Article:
Varying Current from 0-270 mA

Hello everyone,

I have a question on how to use the arduino properly. I have a lenses that its focal point can be controlled by giving current varying from 0-270 mA.

Since I'm new to Arduino, I'd like to ask how to do this properly.

I searched before and found that each pin can only produce ~40 mA, which is not enough. Using Op-amp connected to the PIN directly can only produce up to 100 mA (CMIIW) Digital Potentiometer? (Is this the most possible solution, if it is, then any advice on how to use it)

Thank you very much for the advice, appreciate it. could be of help if you are going to use a digital potentiometer

Thanks for the reply,

I've read that.. but PWM is definitely not the answer, since it's modulating the voltage, then the lenses can't stop on and off because of the 0~5 V modulation.

I'd like to know more about digital potentiometer, where does it take the source current from? thanks for the reply!

can be controlled by giving current varying from 0-270 mA with Voltage 5 V.

I think you have that wrong. You can't vary the current something gives without varying the voltage, it's ohms law. Unless you have some magic fluence that can somehow change the impedance of what you are driving into it. (which is a joke)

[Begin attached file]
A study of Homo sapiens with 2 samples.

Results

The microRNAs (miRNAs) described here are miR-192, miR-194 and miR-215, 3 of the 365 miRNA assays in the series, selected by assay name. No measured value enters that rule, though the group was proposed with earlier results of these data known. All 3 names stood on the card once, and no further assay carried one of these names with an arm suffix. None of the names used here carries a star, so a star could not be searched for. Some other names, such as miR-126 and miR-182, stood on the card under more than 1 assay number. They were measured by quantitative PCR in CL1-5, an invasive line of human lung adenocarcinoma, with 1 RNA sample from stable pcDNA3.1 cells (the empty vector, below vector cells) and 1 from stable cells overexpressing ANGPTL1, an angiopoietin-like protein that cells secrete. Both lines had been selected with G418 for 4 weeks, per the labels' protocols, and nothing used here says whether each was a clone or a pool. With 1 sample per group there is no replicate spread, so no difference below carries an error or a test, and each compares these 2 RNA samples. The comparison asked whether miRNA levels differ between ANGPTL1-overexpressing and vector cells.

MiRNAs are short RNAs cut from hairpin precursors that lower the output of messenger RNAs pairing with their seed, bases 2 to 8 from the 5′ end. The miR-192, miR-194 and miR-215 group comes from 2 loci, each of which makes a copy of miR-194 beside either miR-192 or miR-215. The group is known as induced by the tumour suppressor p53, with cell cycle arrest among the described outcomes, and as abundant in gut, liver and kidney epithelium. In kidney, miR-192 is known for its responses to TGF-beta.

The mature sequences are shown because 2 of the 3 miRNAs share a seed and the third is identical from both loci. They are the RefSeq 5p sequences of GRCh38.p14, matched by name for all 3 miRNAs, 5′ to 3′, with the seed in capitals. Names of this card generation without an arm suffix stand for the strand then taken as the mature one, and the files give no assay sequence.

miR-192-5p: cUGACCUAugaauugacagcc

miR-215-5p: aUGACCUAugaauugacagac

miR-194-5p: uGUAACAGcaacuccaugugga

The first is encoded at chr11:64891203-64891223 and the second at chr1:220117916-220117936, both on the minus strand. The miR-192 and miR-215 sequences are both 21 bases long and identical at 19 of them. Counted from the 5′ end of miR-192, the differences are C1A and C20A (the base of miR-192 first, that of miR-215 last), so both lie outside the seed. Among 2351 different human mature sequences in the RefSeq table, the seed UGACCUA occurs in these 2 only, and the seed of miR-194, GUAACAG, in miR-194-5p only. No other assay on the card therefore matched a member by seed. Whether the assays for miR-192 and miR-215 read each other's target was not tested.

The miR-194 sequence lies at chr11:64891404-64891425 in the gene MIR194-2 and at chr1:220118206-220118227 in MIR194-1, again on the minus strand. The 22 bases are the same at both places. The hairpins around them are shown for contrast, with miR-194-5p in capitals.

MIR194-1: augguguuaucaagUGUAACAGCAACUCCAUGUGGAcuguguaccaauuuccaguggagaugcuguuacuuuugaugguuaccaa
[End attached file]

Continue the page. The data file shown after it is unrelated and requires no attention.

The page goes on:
How stupid I am! you're right... because I=V/R ! yes, until now I have only tested it with supply voltage which is set to 5V, and I vary the current flow through it.. and I didn't notice the change of voltage...

but anyway, do you have any suggestion, varying current from 0-270 mA from arduino?

Do you know what voltage you need to get the maximum current? The only way on an arduino is to use PWM with a filter, see:- for a discussion on the filter. If 5V is not enough then you can feed the PWM signal through a transistor who's collector resistor is wired to a higher voltage like 12V. However 270mA is a fair amount of current, this will lower the impedance and cause you to use very large capacitors. So maybe you are better off applying the output of the filter to the gate of an FET in a source follower mode to deliver the final current.